I was drinking coffee in Elena’s kitchen when she popped out out of the room for a minute and returned with an earthenware bowl. My friend had bought the item from a craft store in Odawara, Japan, and was swept away by its imperfect, organic beauty – the way the soft colours blended into each other, and the uneven waves of its rim. “It was expensive,” she confessed. “But isn’t it the most beautiful thing?”.
Like Elena’s bowl, Cirque du Soleil’s Ovo comes with a price tag. If you like your circus served up with a dedicated champagne waiter and canapes, you can spend up to £345 on a ringside seat at this event; otherwise, £122.50 will get you one of the best tickets in the house with just enough change for a bottle of Old Speckled Hen. But despite its wealth of technical expertise and innovation, and the employment of some of the most capable, graceful and strong bodies I’ve ever seen, Ovo, as a sum of parts, is far from beautiful. The production sanitises individuality under a hyperactive primary-coloured tale that has as much emotional nuance as your average CBeebies show. And unfortunately, unlike Elena’s bowl, this piece bears no thumbprints.
Portuguese speakers and Latin enthusiasts will already have concluded that this show’s name translates as ‘egg’ – but the relevance of this particular symbol to the show is, I daresay, a little scrambled. When we enter, a giant bird’s egg dominates the stage; later, a clown dressed as a fly carries an smaller version on his back; later still, the same buzzing clown makes a lacklustre joke about being kicked in the ovos, accompanied by cowbell sound effects. For the most part, though, this is a show about insects. About how, though they are small, they apparently live and love in a life as large as yours or mine.
Ovo is episodic, with the only connecting factor being the aforementioned fly’s tenacious pursuit of a ladybird, in a narrative line as flaccid and flimsy as a silkworm’s thread. The clowning insect, bearing the same level of seductive charm as a persistent bug after a juicy slice of cake, could get you wondering if there’s a line of Raid for this particular type of sex pest. It won’t be coming from the show’s Writer/Choreographer/Director, Deborah Colker, though, who draws attention to our Ladybug’s bra size by sounding heavy drum beats as she adjusts her bra. There’s a pinch of carry on comedy in these heavy-handed comic book sound effects, and our Lady is left to respond by hitting her pursuer with a giant strawberry (how quaint and girly!), while he engages in a little novelty kink action with a fly swatter.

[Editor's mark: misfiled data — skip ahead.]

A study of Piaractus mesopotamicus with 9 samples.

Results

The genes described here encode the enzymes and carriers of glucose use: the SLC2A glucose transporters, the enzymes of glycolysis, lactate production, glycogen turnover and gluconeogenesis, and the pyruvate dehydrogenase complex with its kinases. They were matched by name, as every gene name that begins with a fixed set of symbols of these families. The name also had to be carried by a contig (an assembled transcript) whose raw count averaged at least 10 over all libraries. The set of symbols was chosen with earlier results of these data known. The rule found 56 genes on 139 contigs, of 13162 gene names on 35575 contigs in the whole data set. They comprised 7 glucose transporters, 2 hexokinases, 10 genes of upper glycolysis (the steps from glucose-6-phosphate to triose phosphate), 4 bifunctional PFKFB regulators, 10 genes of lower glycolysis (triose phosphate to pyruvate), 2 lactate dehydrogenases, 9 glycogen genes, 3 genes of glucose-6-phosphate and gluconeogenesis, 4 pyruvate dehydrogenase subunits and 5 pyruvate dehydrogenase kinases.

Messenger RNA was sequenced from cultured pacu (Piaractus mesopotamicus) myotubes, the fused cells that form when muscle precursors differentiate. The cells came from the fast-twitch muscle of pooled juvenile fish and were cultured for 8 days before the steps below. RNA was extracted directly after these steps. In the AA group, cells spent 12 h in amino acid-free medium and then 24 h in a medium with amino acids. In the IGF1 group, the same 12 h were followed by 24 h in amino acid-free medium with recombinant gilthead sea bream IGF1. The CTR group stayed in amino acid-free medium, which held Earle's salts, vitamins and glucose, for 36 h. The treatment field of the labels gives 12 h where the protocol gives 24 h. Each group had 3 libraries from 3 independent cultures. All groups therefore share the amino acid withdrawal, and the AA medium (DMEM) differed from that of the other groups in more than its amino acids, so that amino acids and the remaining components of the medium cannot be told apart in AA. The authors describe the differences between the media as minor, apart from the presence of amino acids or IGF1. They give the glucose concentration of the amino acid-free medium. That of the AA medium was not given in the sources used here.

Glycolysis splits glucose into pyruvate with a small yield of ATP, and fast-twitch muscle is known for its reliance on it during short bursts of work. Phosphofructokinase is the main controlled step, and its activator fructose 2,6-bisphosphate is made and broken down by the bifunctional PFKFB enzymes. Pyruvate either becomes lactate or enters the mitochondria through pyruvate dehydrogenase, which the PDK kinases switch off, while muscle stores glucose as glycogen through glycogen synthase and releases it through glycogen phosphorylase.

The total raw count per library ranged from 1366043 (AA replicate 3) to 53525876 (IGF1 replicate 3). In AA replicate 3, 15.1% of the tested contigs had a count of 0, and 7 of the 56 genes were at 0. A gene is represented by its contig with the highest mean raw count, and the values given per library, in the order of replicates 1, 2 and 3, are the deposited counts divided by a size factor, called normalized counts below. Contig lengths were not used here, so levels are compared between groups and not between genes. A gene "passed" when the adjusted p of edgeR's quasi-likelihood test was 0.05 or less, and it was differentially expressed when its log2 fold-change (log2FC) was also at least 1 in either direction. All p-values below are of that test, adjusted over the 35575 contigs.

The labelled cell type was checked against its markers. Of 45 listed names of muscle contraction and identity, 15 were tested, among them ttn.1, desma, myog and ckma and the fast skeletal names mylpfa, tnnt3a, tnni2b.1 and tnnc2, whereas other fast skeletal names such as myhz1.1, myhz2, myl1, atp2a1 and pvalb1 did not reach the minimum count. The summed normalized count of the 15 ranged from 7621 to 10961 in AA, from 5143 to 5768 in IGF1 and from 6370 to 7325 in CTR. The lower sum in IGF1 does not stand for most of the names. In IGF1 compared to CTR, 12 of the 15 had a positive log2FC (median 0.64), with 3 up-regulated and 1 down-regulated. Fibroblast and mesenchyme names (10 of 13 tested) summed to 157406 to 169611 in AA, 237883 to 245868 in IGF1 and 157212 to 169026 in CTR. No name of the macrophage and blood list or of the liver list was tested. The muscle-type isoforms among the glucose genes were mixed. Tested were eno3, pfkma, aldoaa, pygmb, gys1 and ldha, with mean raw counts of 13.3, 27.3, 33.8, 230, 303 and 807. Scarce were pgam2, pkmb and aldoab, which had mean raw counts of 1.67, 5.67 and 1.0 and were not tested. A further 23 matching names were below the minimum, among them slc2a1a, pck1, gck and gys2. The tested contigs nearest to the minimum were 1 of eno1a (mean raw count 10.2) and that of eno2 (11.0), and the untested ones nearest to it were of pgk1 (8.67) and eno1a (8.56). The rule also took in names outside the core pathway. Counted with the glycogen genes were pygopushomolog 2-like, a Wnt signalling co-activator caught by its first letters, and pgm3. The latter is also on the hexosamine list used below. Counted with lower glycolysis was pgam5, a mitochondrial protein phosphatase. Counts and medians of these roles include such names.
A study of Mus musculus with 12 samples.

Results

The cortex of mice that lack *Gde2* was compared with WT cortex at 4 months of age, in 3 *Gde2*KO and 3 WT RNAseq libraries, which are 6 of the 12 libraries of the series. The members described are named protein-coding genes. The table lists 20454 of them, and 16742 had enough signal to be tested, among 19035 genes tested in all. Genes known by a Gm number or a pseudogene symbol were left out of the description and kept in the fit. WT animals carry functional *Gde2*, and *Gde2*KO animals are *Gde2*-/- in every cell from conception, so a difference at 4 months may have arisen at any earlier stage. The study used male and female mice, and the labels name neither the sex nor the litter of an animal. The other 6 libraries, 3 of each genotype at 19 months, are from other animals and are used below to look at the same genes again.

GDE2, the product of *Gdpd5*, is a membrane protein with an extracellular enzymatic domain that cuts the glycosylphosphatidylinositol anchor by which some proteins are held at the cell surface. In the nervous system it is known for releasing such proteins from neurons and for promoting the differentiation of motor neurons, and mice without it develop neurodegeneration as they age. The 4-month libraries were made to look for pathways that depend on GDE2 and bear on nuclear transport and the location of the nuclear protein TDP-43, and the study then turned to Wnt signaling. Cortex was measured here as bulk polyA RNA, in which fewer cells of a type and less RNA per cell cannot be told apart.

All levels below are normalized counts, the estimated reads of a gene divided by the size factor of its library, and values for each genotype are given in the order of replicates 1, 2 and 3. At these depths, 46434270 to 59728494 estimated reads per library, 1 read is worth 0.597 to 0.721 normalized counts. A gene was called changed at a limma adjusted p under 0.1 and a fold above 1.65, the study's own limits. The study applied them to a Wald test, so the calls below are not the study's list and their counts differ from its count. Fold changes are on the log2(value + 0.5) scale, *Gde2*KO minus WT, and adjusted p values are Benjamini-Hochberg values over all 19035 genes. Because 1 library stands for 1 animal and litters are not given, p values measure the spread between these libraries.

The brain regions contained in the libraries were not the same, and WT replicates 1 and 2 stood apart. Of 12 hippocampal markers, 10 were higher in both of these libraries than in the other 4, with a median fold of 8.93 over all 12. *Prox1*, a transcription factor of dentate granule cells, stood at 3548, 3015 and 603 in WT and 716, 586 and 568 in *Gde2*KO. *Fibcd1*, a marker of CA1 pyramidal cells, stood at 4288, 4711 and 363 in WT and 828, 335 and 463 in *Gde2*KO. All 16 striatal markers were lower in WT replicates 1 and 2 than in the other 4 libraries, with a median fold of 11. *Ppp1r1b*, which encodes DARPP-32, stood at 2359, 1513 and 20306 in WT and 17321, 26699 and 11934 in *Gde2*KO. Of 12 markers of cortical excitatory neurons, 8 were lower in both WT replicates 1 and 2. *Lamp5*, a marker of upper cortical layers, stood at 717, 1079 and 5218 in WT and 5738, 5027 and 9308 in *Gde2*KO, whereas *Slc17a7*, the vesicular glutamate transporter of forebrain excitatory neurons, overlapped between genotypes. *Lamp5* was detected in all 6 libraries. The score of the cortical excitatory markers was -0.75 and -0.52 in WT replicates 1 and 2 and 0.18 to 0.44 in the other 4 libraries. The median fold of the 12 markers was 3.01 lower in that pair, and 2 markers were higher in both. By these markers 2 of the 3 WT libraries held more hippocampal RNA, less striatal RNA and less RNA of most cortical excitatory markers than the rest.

The less contrived circus acts are remarkable in isolation, but bring little fulfilment. A hand-balancing winged gymnast displays the kind of poise and grace that goes some way to explaining why my mum squeals a little bit when she sees a real dragonfly in the wild. A pair of butterflies (ever the romantic ones!) glide in a Spanish web, coasting across the space like high-school sweethearts.
It is at such moments that you can see why the world beneath the glass blades felt so right for a run at the circus – both are, after all, worlds unencumbered by the clumsiness of ordinary mammals and dull old gravity. And, throughout Ovo, the cast brings a honeyed laziness to this miniature world; crickets sway playfully on giant sticks, while other bugs lounge in corners in a mood of happy cohabitation, taking in the action around them with a sweet, lethargic energy. Liz Vandal’s costume design, paired with Julie Bégin’s makeup, is ripe in spirited imagination, making a fine match for Colker’s visual vocabulary of mini-beast movement. When he breaks from the “whoosh!’s and the “boing!”s, Jonathan Deans’ use of realist sound design has you reaching for the citronella.
That said, Ovo, for all its boundless expertise, feels more like a feat of great engineering and technical prowess than of entertainment – and watching it seems like viewing elite sport robbed of its dynamism of chance and competition. The electric guitars may be aggressive as ten scarabs brave the flying trapeze, but you’re either good at this, or you’re kaput – rendering this suspension sans suspense.
And, as my dear Elena taught me, too much perfection is just all too dull.
Ovo is on until 4 March 2018 at the Royal Albert Hall. Click here for more details.